Symbols of Our Heritage
Concordia College has earned recognition for its quality academics, travel abroad opportunities, musical organizations, and athletic champions. While these achievements distinguish the institution as a leader in higher education, Concordia College also has many symbols and trademarks that make it unique. This iconography has united alumni through the generations and has earned Concordia College recognition as well.
Both the name “Concordia” and the moniker “Cobber” have identified the institution for decades. When Concordia College was formed, J. O. Hougen, a member of the Northwestern Lutheran College Association, suggested naming the school “Concordia” after the goddess of harmony and peace. In his book Concordia College through Fifty Years, Rasmus Bogstad states, “Literally it [Concordia] means hearts together—working in unison.” The origin of the “Cobber” nickname is not as easily traceable. One theory suggests that Concordia was originally surrounded by cornfields, while another theory suggests that “Cobber” was derived from a chant of the taunting Swedish rivals at Hope Academy. The “Cobber” moniker has been consistently used since 1932.
In addition to its name, Concordia College has many other trademarks. The one that most is most obvious is the Cobber ring. The Cobber ring has not always been so distinctive in its design. In the college’s early years, each class designed its own ring along with its own song, motto, and poem. In the fall of 1919, the student body conferred and decided to adopt a standardized ring. The class of 1920 chose the ruby, which most closely aligned with Concordia’s school colors.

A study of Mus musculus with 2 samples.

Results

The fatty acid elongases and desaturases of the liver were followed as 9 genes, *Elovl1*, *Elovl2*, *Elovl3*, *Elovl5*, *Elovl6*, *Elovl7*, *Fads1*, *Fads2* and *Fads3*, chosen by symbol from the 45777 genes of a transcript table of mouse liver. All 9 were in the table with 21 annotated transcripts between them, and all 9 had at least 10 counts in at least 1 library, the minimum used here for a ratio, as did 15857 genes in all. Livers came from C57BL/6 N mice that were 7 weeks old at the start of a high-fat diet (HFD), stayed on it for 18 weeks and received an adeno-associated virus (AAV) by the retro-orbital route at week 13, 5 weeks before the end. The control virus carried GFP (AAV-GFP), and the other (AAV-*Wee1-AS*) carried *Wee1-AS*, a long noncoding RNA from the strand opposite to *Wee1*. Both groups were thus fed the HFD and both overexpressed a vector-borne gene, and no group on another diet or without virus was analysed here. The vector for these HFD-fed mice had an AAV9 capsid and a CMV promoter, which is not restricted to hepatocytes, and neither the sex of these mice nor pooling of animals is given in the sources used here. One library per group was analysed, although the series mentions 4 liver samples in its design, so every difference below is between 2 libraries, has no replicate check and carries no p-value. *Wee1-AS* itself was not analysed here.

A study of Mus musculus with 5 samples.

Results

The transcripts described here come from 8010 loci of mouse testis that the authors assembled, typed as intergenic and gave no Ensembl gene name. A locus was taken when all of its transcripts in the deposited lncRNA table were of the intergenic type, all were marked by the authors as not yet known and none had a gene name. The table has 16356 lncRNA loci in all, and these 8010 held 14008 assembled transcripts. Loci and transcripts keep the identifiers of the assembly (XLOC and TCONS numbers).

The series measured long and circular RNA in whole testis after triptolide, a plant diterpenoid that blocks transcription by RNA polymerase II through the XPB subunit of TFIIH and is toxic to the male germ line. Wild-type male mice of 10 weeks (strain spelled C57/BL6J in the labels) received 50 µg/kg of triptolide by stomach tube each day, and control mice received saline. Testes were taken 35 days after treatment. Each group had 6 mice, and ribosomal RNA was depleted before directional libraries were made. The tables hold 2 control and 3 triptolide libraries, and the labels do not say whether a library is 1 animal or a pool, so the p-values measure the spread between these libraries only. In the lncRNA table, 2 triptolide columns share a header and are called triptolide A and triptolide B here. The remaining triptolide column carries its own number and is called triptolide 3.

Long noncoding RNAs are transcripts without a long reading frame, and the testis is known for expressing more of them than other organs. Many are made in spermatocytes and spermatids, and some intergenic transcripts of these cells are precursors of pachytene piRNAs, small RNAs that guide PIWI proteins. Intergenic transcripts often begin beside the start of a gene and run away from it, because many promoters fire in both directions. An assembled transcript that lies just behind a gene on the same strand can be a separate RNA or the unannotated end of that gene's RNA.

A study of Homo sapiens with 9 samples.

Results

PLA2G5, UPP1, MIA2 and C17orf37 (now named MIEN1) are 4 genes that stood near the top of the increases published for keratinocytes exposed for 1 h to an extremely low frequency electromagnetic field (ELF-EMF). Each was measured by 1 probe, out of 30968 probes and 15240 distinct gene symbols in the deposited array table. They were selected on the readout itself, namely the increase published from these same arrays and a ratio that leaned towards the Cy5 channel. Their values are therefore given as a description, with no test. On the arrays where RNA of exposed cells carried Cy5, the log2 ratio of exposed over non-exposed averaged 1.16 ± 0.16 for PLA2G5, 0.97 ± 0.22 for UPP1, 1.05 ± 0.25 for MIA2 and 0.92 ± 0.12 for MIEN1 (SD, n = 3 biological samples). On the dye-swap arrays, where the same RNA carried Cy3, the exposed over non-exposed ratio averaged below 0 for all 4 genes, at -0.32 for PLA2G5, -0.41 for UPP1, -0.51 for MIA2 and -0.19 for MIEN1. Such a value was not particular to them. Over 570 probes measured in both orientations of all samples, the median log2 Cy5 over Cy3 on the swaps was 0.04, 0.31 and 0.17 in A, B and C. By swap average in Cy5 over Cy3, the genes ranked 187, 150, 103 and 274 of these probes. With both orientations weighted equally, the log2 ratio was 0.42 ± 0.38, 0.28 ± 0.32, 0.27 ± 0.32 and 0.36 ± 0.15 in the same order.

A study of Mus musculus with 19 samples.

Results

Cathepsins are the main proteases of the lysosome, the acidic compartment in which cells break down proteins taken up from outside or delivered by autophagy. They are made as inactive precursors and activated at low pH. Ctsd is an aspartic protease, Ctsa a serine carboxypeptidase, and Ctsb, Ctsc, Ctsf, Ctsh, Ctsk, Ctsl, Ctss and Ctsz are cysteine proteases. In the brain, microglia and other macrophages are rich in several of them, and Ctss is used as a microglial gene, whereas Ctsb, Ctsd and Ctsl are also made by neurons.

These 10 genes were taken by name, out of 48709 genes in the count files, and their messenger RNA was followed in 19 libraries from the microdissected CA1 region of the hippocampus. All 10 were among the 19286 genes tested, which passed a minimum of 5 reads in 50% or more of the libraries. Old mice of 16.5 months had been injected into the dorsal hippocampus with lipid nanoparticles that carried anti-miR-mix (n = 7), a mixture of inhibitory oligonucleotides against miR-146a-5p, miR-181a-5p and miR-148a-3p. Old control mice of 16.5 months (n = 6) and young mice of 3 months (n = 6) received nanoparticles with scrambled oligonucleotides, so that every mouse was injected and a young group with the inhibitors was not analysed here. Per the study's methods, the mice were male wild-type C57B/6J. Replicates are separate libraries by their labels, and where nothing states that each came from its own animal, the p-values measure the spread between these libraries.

Cobbers also come to know the trademark phrases of the institution: the mission statement and Hymn to Concordia. The institution’s mission statement is lived through the college’s curriculum, co-curricular activities, and programs. Crafted by Carl Bailey, academic dean and physics professor, in the 1950s as part of the College’s long-range planning process, the mission statement has not been altered since its creation. Hymn to Concordia was written as a collaborative effort in 1931 to celebrate Concordia’s fortieth anniversary. Herman W. Monson, Choir Director from 1923 to 1937 and Director of the School of Music from 1923 to 1939, composed the music. The hymn was dedicated to Helga Fjelstad, longtime matron of the school and second mother to many Cobbers.
The people behind the song...
These symbols and trademarks have allowed Concordia College to stay unique throughout the ages. By remaining present in the lives of students today, the College can remember our roots and be proud of the community that has made possible by many "Cobbers."